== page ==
Bharadvajasana I

A perfect pose for transitioning to a new year!

I love a good twist, but this seated pose is a twofer! You twist in two directions at once in Bharadvajasana I!

The month of January is named for Janus, the Roman god of beginnings and endings, passages and transitions. He is usually depicted as having two faces, one looking back and one looking forward. At a time when we often reflect on the previous year and resolve to make changes in the coming year, it’s an apt symbol.

Things to Remember

  • Every twist relies on a long spine, so as we approach this double twist, continue to lengthen from tailbone to crown.
  • Once you have made your way into the pose, maintain that lengthened spine, as well as an open chest. Try not to let gravity collapse your chest.
  • Your pelvis will be tilted in Bharadvajasana I, and if that’s uncomfortable for you, I’ll offer you some support as we set up the pose.


None are required. However, you may utilize the following props if you find you need some support:

  • A blanket or two
  • One or more blocks

Let’s begin!

We’ll start by sitting in Vajrasana (Thunderbolt Pose). (Follow the link if you need a refresher on this seated pose that we’ll use to prepare for Bharadvajasana I.

Kneel with your knees hip-width apart and your lower legs and feet extending straight back (not angled).

Sit back on your heels if you can. If that isn’t possible, move your hips back toward your heels, bringing them as close as possible, even if they don’t make contact.

Bharadvajasana I prep

Shift off-kilter

Now, shift your hips to the right, and rest your right sitting bone on the floor. Your left sitting bone will likely be off the floor, and your hips will be angled down from left to right.

If sitting in this position is uncomfortable for you, you can place a folded blanket under your right sitting bone and elevate the right side of your pelvis, bringing it more into balance with the left. You could also use a block if you don’t have a blanket handy.

Position your feet

Let your inner left ankle rest on the right medial arch. Put another way, your left inner ankle nestles into the arch of your right foot. Your feet may naturally come into this position if you start Bharadvajasana I from Vajrasana.

This may also let your knees offset. Let them separate as much as you need to make this more comfortable.

Hands down

Place your right hand on the floor beside your right hip and walk it gradually behind your hip. This will begin the rotation of your torso. You can also place your right hand on a block at any height that works for you if you feel the need for a little support. This may also help bring the spine into a more vertical position.

Once your right hand is in position, bring your left hand to your right knee. Externally rotate your left arm so that your left palm faces away from your right knee. This will likely result in a slight increase in the twist and an emphasis on broadening the chest.

Gently press downward with each hand, allowing the sternum and sides of the chest to lift a little more. Make sure the shoulders relax, dropping away from the ears. Allow your head to continue the rotation until you’re looking more toward your right shoulder.

Sidebar: Full disclosure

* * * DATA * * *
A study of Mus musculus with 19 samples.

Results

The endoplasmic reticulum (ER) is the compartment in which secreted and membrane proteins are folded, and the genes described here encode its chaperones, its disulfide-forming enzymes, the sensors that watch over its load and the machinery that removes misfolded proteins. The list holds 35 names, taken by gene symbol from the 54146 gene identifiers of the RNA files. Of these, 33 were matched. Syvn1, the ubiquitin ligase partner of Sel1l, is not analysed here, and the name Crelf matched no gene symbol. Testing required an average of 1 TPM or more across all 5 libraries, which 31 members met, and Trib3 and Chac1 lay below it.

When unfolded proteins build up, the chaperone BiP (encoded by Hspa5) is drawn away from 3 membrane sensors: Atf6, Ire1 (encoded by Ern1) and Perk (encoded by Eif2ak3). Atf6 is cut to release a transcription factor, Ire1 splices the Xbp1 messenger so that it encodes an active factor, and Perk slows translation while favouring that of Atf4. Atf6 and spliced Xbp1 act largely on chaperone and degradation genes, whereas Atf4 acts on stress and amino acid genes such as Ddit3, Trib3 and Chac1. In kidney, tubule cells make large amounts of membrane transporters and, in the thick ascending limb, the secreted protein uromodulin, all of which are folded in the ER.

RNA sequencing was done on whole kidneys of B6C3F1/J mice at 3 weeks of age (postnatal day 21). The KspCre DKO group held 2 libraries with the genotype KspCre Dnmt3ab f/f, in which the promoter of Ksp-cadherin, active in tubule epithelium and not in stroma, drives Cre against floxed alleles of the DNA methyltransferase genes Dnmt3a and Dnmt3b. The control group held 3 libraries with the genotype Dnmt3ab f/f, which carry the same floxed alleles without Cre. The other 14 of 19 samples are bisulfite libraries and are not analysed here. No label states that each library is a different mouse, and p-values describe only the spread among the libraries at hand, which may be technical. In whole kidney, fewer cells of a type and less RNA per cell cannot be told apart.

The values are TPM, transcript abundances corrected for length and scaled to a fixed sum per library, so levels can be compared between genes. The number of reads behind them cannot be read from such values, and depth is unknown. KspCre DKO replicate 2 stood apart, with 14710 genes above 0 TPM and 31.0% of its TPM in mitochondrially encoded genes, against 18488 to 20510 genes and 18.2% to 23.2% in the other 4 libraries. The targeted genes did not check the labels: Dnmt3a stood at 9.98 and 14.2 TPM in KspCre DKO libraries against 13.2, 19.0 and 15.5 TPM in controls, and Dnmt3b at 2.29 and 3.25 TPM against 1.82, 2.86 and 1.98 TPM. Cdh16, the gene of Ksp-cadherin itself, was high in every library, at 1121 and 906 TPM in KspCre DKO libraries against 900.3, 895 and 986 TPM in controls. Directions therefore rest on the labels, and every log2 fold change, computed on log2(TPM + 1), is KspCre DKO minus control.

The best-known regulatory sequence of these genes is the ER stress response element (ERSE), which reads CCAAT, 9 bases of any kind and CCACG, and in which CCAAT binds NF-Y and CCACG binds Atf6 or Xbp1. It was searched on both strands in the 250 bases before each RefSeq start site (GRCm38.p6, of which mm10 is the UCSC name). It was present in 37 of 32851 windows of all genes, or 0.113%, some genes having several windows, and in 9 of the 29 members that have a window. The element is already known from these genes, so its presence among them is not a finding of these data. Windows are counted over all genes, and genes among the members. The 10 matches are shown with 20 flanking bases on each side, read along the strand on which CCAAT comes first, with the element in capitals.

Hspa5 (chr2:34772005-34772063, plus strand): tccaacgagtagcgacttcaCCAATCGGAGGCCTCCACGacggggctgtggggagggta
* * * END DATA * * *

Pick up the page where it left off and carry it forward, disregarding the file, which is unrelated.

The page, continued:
At this point, I assume you have more or less settled into the twist, maybe with some assistance from props. Let’s put the finishing touches on Bharadvajasana I.

As you continue to spiral to the right, you can make one more adjustment. Gradually rotate your head to look toward your left shoulder. This counterrotation in the upper spine can be delightful, as long as your neck is comfortable in this position. If it feels like the neck muscles are straining or tensing, you can omit this aspect of the pose and return to your gaze to the right.

I’m going to pause for a moment for a quick confession: I used to dislike Bharadvajasana I. It was difficult to keep my torso from collapsing and the twist from feeling forced. Here’s what I discovered, and I hope this helps you find a little more ease in this pose.

One day, as I was forcing ENCOURAGING myself to spend some time in this pose, I realized that the best way to approach Bharadvajasana I is to view it as spiraling the upper body away from the lower body. Even though we want the spine to be primarily vertical, if you can see yourself rotating the ribcage and chest AND lifting them simultaneously, you’ll open up space in the side waist. That’s where I used to experience a kind of pinching in the side closest to my feet. By spiraling, I found more length in that pesky side waist and more overall satisfaction in the pose.

One last thing…

Bharadvajasana I
Christina’s World by Andrew Wyeth

If you’re willing to explore just a little bit more, try this. As you counterrotate your head and neck to the left, emphasize the lift in your sternum and release your left ear toward your feet. Your head will drop back a bit, providing a delicious stretch through the right side of your neck.

This final aspect of the pose always reminds me of a Hollywood glamour shot (channel your inner Veronica Lake!) or Andrew Wyeth’s painting, Christina’s World. So go ahead, get a little glam (or arty) in your last few moments in Bharadvajasana I! And don’t forget to repeat the pose on the left side.

Veronica Lake

Lindel Hart teaches yoga online for PerfectFit Wellness. He lives in Western Massachusetts and teaches at Deerfield Academy, a private residential high school, as well as at Community Yoga and Wellness in Greenfield, MA. Visit his website, Hart Yoga.